Thomas de Gendt (Lotto Soudal) became the second rider to complete a triptych of Grand Tour stage victories this year, joining Matteo Trentin in an illustrious club. After winning on the Stelvio in 2012 and on the Mont Ventoux at last year's Tour de France, he out-sprinted his rivals to win stage 19 of the Vuelta a Espana.
Gijon does not quite have the same ring as the Stelvio or the Ventoux, but the win is a major milestone for the Belgian who had set out on the three-week race with intentions of achieving the record. It looked like it might not happen after he fell ill earlier in the race, but he's glad that he's done it sooner rather than later.
"I won at the Tour last year, so I had two out of three so the third one then became an objective," explained De Gendt. "This year was not very good in the Tour. I was in very good condition, but I felt like the best was yet to come. This year there were a lot of stages that were good for a breakaway, so it was my objective to win a stage this year in the Vuelta. If I didn't succeed, then I would have come here again to try and win a stage. I'm happy that it's finished now and now I can focus on just more stages."
Stage 19 was likely to be De Gendt's, and others', final chance at a stage win in a Grand Tour in 2017, with the Angliru likely to be decided by the general classification contenders and the sprinters set to dominate in Sunday's stage into Madrid. Unsurprisingly, there was plenty of competition to make it into the move, and De Gendt had to use his plentiful experience in breakaways to constantly assess which riders would be best to tag along with.
"To go in the breakaway, I was looking at the two guys with leaders jerseys because I knew that they wanted to be in the break," he said. "In the green jersey competition, if Trentin won today then he would only have to be in the top seven on Sunday. I was looking at him at the start, but when the climb started I did my best to drop the sprinters and then the teams with more guys. There were some teams with more than two and I was alone. I tried to drop the helpers of the guys who were going for the stage."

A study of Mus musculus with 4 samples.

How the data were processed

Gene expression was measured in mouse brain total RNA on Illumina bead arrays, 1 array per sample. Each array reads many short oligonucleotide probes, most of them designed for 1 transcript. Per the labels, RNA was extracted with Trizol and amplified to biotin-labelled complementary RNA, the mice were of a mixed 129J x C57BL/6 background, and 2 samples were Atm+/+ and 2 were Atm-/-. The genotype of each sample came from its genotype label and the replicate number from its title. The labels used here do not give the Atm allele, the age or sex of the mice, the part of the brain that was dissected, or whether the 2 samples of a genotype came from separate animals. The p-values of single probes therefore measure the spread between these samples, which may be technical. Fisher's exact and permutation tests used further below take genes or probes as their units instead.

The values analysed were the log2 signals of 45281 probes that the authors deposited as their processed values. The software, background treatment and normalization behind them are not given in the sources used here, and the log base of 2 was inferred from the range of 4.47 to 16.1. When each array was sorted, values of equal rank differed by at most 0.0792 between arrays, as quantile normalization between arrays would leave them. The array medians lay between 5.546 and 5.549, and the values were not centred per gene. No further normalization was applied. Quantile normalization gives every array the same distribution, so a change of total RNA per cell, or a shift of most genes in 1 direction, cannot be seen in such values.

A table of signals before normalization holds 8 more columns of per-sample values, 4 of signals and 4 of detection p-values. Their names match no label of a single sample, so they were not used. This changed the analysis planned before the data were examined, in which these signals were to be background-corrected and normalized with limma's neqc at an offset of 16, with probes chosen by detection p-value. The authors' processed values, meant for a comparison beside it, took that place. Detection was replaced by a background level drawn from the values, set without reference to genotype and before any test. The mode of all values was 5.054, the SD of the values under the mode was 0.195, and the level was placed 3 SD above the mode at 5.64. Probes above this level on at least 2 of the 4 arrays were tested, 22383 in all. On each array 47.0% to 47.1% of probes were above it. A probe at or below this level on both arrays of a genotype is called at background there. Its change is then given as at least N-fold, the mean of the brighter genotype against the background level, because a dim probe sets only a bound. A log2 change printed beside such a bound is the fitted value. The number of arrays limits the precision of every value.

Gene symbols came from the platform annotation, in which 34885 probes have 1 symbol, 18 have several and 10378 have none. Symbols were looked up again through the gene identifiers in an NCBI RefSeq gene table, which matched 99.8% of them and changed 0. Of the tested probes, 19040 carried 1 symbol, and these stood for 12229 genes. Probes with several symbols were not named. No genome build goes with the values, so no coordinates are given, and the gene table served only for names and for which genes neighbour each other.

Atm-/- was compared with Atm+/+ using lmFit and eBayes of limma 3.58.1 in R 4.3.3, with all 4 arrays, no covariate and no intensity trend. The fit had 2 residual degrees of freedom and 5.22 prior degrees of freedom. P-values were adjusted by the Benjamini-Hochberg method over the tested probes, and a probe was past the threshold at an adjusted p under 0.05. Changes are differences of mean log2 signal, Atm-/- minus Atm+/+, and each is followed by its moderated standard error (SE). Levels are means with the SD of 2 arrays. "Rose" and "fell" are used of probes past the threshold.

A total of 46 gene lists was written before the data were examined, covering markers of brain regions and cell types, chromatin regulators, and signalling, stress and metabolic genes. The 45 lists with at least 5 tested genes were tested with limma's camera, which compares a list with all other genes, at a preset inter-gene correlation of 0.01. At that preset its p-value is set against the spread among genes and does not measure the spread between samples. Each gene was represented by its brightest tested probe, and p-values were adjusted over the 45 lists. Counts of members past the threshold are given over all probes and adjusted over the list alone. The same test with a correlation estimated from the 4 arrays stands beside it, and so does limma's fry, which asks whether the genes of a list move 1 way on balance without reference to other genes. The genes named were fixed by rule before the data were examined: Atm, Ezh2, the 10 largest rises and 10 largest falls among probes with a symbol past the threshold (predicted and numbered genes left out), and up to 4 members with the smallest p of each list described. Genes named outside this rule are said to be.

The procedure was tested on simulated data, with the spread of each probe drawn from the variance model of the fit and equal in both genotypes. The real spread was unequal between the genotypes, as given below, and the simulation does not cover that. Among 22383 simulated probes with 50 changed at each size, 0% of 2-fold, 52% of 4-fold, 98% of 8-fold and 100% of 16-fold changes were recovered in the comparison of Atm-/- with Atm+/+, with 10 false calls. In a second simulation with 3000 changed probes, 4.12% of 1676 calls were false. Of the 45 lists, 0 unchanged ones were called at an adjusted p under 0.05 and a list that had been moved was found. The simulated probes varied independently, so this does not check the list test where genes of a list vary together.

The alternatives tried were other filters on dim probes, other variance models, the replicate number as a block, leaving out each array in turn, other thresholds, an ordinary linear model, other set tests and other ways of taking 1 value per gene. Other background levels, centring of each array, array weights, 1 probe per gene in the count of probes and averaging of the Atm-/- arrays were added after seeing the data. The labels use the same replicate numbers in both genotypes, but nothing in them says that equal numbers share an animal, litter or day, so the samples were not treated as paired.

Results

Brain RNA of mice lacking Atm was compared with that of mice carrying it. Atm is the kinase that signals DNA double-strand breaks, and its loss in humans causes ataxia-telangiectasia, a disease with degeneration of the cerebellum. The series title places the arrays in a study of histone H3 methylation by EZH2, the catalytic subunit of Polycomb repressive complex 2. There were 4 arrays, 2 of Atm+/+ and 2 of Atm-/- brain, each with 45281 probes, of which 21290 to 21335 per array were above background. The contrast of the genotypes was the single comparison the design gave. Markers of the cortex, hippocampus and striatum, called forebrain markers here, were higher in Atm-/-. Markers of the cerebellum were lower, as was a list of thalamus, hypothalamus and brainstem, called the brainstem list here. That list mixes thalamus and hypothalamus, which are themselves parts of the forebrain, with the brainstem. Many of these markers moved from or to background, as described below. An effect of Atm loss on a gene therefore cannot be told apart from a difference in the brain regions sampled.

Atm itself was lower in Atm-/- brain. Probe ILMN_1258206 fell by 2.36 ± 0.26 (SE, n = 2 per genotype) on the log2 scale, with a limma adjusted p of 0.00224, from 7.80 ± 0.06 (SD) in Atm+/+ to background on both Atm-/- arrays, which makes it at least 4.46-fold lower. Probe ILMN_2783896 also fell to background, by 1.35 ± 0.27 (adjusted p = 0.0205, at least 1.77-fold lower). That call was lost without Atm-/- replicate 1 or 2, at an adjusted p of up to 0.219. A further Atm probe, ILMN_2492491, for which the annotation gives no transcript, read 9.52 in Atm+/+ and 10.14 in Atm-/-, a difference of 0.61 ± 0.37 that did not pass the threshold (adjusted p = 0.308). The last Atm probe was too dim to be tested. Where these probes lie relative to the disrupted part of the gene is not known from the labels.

De Gendt's win is the second straight stage victory for Lotto Soudal with Sander Armee dropping Alexey Lutsenko on Thursday's hilltop finish. Tomasz Marczynski has given the team another two, on stages 6 and 12, giving them four in total - more than their last two Grand Tour performances put together, which yielded just one. They had initially intended on taking Rafael Valls as their general classification rider, but he broke his hip in a training crash just days before the Vuelta, ripping up the team's pre-race plans.
"We are all guys who wanted to win a stage," said De Gendt. "Yesterday, Sander, who is one of our helpers throughout the year, was able to win a stage. There was no more stress after three victories. Today was the last chance for the breakaway, and I was in the break. Then it's easier. If you don't have a leader, you can do whatever you want in a race. We also don't have a sprinter, so we are all guys who can go for breakaways. If you have a lot of guys who want to go then you have a lot of chances to win a stage."
Born in Ireland to a cycling family and later moved to the Isle of Man, so there was no surprise when I got into the sport. Studied sports journalism at university before going on to do a Masters in sports broadcast. After university I spent three months interning at Eurosport, where I covered the Tour de France. In 2012 I started at Procycling Magazine, before becoming the deputy editor of Procycling Week. I then joined Cyclingnews, in December 2013.